The crisis of African American flight from Chicago and Illinois is not new news.
The 2010 Census showed the city of Chicago lost 200,000 people over the last decade. The city now has about as many people as it did in 1910. There are 181,000 fewer African Americans in the city, a whopping drop of 17 percent, and 72,000 fewer in the region as a whole.
But Bruce Rauner supporters and apologists recently got all fluttery about millionaires hiring moving vans.
It was a very selective concern.
Every time I write about the need for Illinois to end its low tax, low spending policies I get a flood of comments crying the blues about people fleeing Illinois because of high taxes.
The truth is that the loss of 200,000 African Americans in the 90s was because of the loss of good jobs paying union wages.
I always tell the story about how when I came to Chicago in 1973, every city neighborhood had a neighborhood school, a place of worship, a bar and a factory.
Now the factories are gone, the neighborhood schools are being closed or are often half-filled but with a charter school across the street and the places of worship are still around as are the bars.
Illinois’ overall tax rate is competitive. Consider the big-ticket items: individual and sales taxes. Except for the nine states that have no income tax, Illinois’ 3.75 percent flat rate is among the lowest. Even the old rate of 5 percent that stabilized state finances was relatively low. Unlike Illinois, most states have a progressive income tax that charges more for higher earners on a percentage basis.
Indiana, at a flat 3.3 percent, can claim a lower statewide rate, but watch out: Each county in Indiana collects an additional income tax that can amount to another percentage point or two. Illinois has no county income tax.
As for the sales tax, Illinois has so many exemptions that Rauner himself plus respected agencies such as the Civic Federation have suggested broadening it to include services from haircuts to legal fees.
The Illinois Economic Policy Institute examined total state tax loads on individuals and found that in Illinois, the rate in 2013 was slightly lower than in Indiana or Wisconsin.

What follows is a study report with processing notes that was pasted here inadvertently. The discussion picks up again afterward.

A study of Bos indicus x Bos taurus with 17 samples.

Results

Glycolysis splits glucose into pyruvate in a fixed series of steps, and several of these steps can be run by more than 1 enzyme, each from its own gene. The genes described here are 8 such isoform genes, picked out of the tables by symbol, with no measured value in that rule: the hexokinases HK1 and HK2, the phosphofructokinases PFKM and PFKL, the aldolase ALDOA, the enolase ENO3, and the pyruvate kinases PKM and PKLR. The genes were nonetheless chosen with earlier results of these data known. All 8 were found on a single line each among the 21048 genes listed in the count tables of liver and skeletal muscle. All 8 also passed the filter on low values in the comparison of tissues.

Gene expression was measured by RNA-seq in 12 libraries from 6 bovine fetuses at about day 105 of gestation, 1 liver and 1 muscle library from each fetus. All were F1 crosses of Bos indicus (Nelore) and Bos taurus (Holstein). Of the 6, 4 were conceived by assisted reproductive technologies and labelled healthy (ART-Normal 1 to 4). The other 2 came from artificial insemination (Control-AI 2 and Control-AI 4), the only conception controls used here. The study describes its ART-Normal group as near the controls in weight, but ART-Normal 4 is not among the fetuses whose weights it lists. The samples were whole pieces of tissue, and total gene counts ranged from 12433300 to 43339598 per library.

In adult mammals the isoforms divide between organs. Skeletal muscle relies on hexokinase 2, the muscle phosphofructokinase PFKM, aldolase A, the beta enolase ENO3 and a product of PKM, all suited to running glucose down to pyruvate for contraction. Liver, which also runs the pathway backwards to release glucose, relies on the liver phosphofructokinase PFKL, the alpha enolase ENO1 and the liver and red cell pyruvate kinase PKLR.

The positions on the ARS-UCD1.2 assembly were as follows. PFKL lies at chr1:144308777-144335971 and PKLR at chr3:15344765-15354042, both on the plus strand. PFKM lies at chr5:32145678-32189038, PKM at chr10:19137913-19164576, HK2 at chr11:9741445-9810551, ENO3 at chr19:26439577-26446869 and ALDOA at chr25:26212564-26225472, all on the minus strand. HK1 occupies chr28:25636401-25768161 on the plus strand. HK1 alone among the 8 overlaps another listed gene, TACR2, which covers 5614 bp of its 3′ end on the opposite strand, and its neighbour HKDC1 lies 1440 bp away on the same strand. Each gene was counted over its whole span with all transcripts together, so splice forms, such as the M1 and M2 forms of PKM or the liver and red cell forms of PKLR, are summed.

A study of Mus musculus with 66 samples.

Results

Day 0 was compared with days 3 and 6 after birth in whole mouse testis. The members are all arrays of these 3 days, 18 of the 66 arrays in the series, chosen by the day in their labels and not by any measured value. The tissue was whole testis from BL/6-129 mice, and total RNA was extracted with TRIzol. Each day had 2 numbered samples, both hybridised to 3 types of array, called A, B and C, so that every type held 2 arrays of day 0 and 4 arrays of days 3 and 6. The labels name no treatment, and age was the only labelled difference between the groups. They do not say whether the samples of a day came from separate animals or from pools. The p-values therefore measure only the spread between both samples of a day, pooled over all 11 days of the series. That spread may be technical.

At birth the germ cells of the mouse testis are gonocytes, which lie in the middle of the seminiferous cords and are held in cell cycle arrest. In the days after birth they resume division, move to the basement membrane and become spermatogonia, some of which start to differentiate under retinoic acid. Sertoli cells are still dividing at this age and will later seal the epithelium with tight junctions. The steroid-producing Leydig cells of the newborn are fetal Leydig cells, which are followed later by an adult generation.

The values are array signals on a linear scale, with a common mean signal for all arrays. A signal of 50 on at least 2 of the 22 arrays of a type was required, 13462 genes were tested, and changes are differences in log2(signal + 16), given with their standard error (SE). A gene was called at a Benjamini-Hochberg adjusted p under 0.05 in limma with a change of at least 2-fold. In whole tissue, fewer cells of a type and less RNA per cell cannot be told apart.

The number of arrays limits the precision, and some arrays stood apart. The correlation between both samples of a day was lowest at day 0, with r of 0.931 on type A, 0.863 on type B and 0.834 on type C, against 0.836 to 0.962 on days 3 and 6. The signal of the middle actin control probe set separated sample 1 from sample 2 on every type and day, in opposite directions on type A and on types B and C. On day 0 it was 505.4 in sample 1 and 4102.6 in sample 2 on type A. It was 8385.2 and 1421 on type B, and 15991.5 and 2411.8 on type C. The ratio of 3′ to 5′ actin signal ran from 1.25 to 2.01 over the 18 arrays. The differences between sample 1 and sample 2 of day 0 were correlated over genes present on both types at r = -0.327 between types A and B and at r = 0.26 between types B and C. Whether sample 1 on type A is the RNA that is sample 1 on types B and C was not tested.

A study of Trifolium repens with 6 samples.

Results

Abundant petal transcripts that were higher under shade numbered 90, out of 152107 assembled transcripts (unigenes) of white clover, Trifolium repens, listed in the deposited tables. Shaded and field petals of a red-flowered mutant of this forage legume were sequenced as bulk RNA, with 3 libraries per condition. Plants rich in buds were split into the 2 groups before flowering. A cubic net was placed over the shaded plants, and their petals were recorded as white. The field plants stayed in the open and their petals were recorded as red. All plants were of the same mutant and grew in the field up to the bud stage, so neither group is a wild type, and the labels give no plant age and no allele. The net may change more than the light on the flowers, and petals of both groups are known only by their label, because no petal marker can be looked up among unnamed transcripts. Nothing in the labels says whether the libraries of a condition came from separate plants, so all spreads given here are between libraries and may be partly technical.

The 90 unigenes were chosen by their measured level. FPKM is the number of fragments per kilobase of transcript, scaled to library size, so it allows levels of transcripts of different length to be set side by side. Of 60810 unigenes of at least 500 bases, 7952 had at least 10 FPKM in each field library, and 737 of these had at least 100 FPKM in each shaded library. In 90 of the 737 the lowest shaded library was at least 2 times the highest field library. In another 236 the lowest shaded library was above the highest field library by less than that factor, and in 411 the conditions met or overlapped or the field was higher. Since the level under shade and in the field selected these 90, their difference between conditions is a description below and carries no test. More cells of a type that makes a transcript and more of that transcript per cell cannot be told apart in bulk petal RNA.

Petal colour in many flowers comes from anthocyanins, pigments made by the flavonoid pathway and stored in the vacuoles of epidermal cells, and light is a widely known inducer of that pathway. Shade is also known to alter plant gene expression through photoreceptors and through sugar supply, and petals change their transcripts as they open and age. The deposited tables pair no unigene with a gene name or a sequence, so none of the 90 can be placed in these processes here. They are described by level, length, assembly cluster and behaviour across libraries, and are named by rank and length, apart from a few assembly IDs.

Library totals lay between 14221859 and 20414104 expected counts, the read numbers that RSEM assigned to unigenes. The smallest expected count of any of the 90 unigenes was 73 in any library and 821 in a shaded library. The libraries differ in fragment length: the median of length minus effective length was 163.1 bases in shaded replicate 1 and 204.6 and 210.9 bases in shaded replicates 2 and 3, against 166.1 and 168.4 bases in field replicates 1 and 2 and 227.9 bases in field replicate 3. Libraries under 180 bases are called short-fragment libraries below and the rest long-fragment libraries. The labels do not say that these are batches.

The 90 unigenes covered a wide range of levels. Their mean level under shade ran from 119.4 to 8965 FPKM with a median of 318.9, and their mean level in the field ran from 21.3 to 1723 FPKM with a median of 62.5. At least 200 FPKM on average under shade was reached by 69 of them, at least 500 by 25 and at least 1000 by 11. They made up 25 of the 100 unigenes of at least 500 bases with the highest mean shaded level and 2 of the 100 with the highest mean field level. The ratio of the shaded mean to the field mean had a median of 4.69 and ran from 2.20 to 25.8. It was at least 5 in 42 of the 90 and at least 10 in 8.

About the departure of millionaires?
Rauner conjures images of moving vans bound for neighboring states to create false urgency behind his non-budgetary agenda.
KDM Consulting examined tax data to conclude that any net loss of people from Illinois to Indiana and Wisconsin was explained by Illinois’ larger population. Its report also said that out-migration declined over the last 20 years.
In 2013, a nonprofit alliance called the Illinois Innovation Network examined Dun & Bradstreet data from 2012 and concluded the state had no large-scale loss of companies and workers to its neighbors. Some left, but they were replaced by an inflow from those states, an important point given the much larger economy in Illinois.
Those who drink the Rauner Kool-Aid will continue to write me and tell me how only Rauner’s anti-union turnaround will keep those in Illinois from heading to Wisconsin.
Yet it is precisely the economic race-to-the-bottom that has sent Chicago and Illinois’ working people looking elsewhere for jobs and services. And not in Scott Walker’s Wisconsin.
When taxes are called competitive, that means they are low. In Illinois the richest and the poorest all pay the same income tax rate. Even before the current budget battle, Illinois couldn’t and didn’t pay its bills.